Arguably the greatest American contribution to Christmas is the story of Santa Claus arriving on the Eve in a sleigh hitched to a team of flying reindeer, known round the English-speaking world and beyond. Across Europe in December, “Rudolf the Red-nosed Reindeer” is heard in the mix of background music in shopping malls, and Christmas decorations often feature Saint Nicholas in a reindeer-drawn sleigh.
The story of that story begins on December 23, 1823 with “A Visit from St. Nicholas”, a poem in the Troy, NY, Sentinel, published anonymously but generally attributed to theologian and poet Clemet Clarke Moore. Though now seldom read in full, we all know the storyline of the man of the house, who is awakened on Christmas Eve by a sleigh drawn by eight reindeer landing on the roof. And likewise we know the lyrics of the enduring song, “Rudolf the Red-Nosed Reindeer”, about a ninth reindeer with a luminous proboscis, first recorded by singing cowboy Gene Autry in 1949, based on a poem written in 1939 by Robert L. May for a children’s Christmas book published by mail-order retailer Montgomery Ward.
Today, the American story of Santa and his reindeer is as ubiquitous at Christmastime as is the tradition of decorating evergreen trees, first observed in sixteenth-century Germany. And, as history suggests, its roots are as European as those of the Christmas tree. The first known illustrated description of reindeer pulling sleds is in the travelogue “Opera Lapponia” by Johan Scheffer, a professor at the University of Uppsala in Sweden, first published in Latin in 1674 and later in English translation in 1704. That book includes a woodcut depicting a single reindeer pulling a pulk, the boat-like sled used by the Sami, for centuries the nomads of the north (“Lapp” is derogatory). Only one reindeer is shown, as, unlike other draft animals, reindeer are unwilling to cooperate with each other in teams. Like other literary figures of his time, poet Moore may have read extracts of Scheffer’s book, but not seen the illustrated original.
He certainly must have been familiar with the native North American modes of winter transport, first documented a century before Scheffer wrote. In 1576- 78, English privateer Martin Frobisher undertook three voyages to the New World, in part to search for a Northwest Passage. He didn’t find the Northwest Passage, but he is most remembered for claiming the Arctic for England and for keeping a meticulous log of his voyages, published in 1675 in Latin, with the title “Historia Navigationis.” The frontispiece of that book depicting native life shows a dog pulling a boat-like sled. Later, in 1833, German explorer Maximilian zu Wied- Neuwield ventured up the Missouri River to Fort Clark, where he painted a watercolor of a native traveling on a toboggan pulled by three dogs. Other accounts of life among the Inuit of the time include descriptions of the komatik, a sled on two runners about four inches wide, pulled by one or more dogs. Clearly, among the natives of North America, sleds were pulled by dogs, single or in teams. Moreover, as reported by Frenchborn Canadian explorer Pierre Esprit Radisson in 1665, caribou, a native word, was the name of the animal known in Europe as the reindeer, and caribou were game, not draft animals.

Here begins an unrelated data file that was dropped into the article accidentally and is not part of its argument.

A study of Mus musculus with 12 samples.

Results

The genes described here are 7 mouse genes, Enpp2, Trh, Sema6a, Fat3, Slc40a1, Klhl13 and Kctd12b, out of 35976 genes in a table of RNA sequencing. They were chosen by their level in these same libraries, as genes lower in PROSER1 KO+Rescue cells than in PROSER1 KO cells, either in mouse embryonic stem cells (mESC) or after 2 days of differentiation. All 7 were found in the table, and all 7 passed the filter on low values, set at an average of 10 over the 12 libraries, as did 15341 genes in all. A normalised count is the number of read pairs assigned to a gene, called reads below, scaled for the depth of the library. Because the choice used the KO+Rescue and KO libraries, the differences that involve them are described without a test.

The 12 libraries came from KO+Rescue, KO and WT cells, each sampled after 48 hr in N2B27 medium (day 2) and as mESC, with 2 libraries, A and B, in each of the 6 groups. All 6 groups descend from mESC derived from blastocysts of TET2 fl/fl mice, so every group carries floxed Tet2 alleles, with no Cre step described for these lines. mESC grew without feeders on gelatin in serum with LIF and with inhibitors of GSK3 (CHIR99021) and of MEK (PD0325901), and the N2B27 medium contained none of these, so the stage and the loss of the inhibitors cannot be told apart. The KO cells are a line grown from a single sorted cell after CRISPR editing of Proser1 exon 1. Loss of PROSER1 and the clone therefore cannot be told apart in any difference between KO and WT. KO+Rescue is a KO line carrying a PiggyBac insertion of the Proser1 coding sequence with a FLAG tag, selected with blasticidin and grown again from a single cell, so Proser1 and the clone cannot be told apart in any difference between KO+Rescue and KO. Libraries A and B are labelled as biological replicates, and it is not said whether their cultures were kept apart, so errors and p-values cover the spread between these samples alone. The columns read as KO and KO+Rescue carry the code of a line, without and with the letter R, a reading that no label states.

Apparently poet Moore combined the anecdote of the reindeer-drawn sled, about which he had only read, with the details of dogsleds with which he undoubtedly was familiar. So with poetic license, flying reindeer indeed might be hitched in teams, as were real sled dogs. Likewise, artists who drew Santa’s airborne sleigh most likely modeled it after the horse-drawn sleighs of the mid-nineteenth century. So, an airborne sleigh might well resemble a passenger sleigh with thin runners adequate to support it on rooftop snows.
Moore’s choice of the word reindeer may have helped perpetuate the story. Not only is reindeer a more-romantic word than caribou, but it’s been in English longer, since 893, when King Alfred the Great wrote down tales he heard from Othere of Hålogaland, including “rein”, the Norwegian name of the animal. That became the source-word in most European languages. The mere mention of a rein-word now connotes happenings in the far north, where Santa is said to have his workshop, at some undefined place. The mythical location of the workshop at the North Pole clearly is impractical, particularly for the elves working in its distribution center. In the Nordic countries where reindeer still roam, several towns claim the workshop. Most enterprising is the city of Rovaniemi at the Arctic Circle in Finland. About six miles north of the city, there is a Santa Claus Village and theme park, fittingly just two miles from the Rovaniemi Airport.
M. Michael Brady lives in a suburb of Oslo and takes his vacations in France. By education, he’s a natural scientist. His Dateline: Europe column appears monthly in the Gazette.